The DR Congo plans to go to the polls in just a few months. The opposition needs a consensus candidate if it wants to have a chance at the presidency, experts say. This looks highly unlikely.
The Democratic Republic of Congo (DRC) plans to go to the polls to elect a new president in December. But the list of candidates, which is scheduled to be published on September 19 doesn't look very promising. The influence of President Joseph Kabila is still too great and many of the opposition candidates are already out of the race.
It was a skillful move when President Kabila renounced a third and thus illegal candidacy in August 2018. Instead he has sent his former interior minister, Emmanuel Ramazani Shadary, into the race. Experts say Shadary is loyal to Kabila and does not have a strong base within the ruling party — according to many, his nomination secures Kabila a share of power.
"Shadary is clearly Joseph Kabila's preferred candidate, he nominated him," says Gesine Ames of the Ecumenical Network Central Africa. "Shadary is loyal to the presidential family, and if he takes office, there will be a Kabila-friendly course," the DRC expert told DW adding that this leaves little hope for political change which "the population urgently wants because of the political and humanitarian situation."
Opinion polls haven't been favorable for the 57-year-old former interior minister, says Ames. A member of the ruling People's Party for Reconstruction and Democracy (PPRD), he is on a European Union sanctions list for human rights crimes in the Kasai region which he was responsible for as interior minister. In addition to that burden, he is not very well known in the country, Ames says, adding that he could nevertheless narrowly win. According to the DRC's new electoral law the presidential candidate only needs a simple majority to win.
From the start, conditions have been bad for a democratic election, Ames says. "It has become more and more of a farce."
Strong candidates barred
This situation makes it difficult for the opposition, especially since its candidates are controversial too.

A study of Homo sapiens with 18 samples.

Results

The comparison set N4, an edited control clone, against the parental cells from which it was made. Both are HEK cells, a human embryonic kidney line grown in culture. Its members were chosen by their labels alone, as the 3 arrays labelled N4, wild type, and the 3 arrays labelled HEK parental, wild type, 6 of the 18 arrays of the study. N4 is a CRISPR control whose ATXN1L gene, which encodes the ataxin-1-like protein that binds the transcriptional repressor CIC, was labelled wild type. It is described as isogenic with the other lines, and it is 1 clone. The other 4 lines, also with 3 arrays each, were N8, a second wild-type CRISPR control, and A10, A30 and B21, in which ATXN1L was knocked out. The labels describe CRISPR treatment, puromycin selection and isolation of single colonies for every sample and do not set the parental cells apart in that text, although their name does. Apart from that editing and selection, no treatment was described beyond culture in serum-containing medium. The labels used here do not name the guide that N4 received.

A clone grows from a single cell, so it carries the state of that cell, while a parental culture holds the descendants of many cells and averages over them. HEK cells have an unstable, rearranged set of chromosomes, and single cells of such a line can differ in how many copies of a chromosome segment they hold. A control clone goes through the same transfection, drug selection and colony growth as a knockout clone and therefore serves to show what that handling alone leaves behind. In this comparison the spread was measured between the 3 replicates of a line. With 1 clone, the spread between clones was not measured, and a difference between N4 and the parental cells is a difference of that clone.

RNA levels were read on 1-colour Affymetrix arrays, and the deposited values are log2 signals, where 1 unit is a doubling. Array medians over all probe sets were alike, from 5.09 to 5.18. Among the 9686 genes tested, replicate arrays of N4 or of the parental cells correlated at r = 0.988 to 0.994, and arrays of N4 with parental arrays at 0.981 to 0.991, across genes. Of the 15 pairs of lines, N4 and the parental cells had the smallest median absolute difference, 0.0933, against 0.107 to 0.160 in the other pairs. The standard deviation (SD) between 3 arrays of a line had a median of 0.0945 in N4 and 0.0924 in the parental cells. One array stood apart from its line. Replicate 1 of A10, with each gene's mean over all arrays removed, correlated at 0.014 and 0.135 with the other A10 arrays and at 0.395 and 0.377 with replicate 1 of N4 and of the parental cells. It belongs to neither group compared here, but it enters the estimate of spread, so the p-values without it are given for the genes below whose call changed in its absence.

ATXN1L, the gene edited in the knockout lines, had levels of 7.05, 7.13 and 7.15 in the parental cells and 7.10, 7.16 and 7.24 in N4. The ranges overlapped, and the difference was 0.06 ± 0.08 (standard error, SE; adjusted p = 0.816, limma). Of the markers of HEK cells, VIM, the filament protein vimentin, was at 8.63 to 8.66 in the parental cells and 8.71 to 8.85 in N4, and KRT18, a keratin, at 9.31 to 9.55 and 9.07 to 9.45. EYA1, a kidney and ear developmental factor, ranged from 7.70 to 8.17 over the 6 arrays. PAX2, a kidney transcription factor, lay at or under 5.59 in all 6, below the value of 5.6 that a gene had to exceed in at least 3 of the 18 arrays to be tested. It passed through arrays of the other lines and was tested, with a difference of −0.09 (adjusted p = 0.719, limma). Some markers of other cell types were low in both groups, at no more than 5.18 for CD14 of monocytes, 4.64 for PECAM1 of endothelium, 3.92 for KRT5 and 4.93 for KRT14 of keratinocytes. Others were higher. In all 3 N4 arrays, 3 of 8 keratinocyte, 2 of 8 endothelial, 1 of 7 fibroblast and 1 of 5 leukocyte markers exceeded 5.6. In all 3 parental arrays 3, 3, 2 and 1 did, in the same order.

Of the 19 candidates on the list, Felix Tshisekedi and Vital Kamerhe are the most established. The two opposition candidates originally at the top of the list have been excluded from the election: Jean-Pierre Bemba and Moise Katumbi are not allowed to run for office. The Congolese Electoral Commission declared the candidacy of Congo's former Vice-President Bemba inadmissible because the International Criminal Court in The Hague sentenced the former militia leader to 18 years in prison by for war crimes. This conviction was surprisingly overturned in an appeal in June due to procedural irregularities, but Bemba was fined for bribing witnesses.
Moise Katumbi, a well known government critic, was refused entry into the DRC a few weeks ago to submit his candidacy. As a result, Vital Kamerhe, the 59-year-old chairman of the Union for the Congolese Nation (UNC) and ex-president of parliament, and Felix Tshisekedi moved further into the limelight. Both candidates have some degree of backing, but their camps are less powerful than the excluded candidates'," Ames says.
Opposition without a base of support
Kamerhe, Ames says, is not sufficiently well known to be successful. Born in the province of Kivu, he is politically controversial and lacks the financial means to organize a major election campaign. The economist was one of Kabila's collaborators in the 2006 election campaign, mainly responsible for the fact that Kabila won quite a few votes in the provinces of North and South Kivu. Kamerhe became president of parliament, only to resign in March 2009 under pressure from Kabila. In December 2010, Kamerhe resigned from Kabila's PPRD party and founded the UNC.
Felix Tshisekedi last year succeeded his father Etienne, the veteran leader of the Union for Democracy and Social Progress (UDPS). The move led to unrest in the DRC as there were other candidates waiting in the wings. Felix Tshisekedi has little political experience and is not strongly networked in the DRC, says Ames, adding that the 53-year-old, who studied marketing in Brussels, lacks a base. Tshisekedi has been a member of parliament since 2011 and UDPS party leader since March 2018, but he has not been politically active otherwise.
Consensus candidate unlikely
The chances of the opposition winning are pretty low at this point, according to Ben Shepherd, a consulting fellow at the Chatham House Africa Program.
In the end, he argues, "it is not so much about policy as it is about the ability to mobilize." The question, Shepherd told DW, is not whether Tshisekedi or Kamerhe could win, but whether "the opposition can unify itself to the point where they get a consensus candidate, which would give them a realistic chance assuming the elections go ahead without manipulation."
People want "more systemic change" but they are most likely to vote for whoever they think will be able to bring their community a little bit more support, he says, As it is unlikely the opposition will agree on a consensus candidate, Shepherd concludes, "Shadary will probably win the election."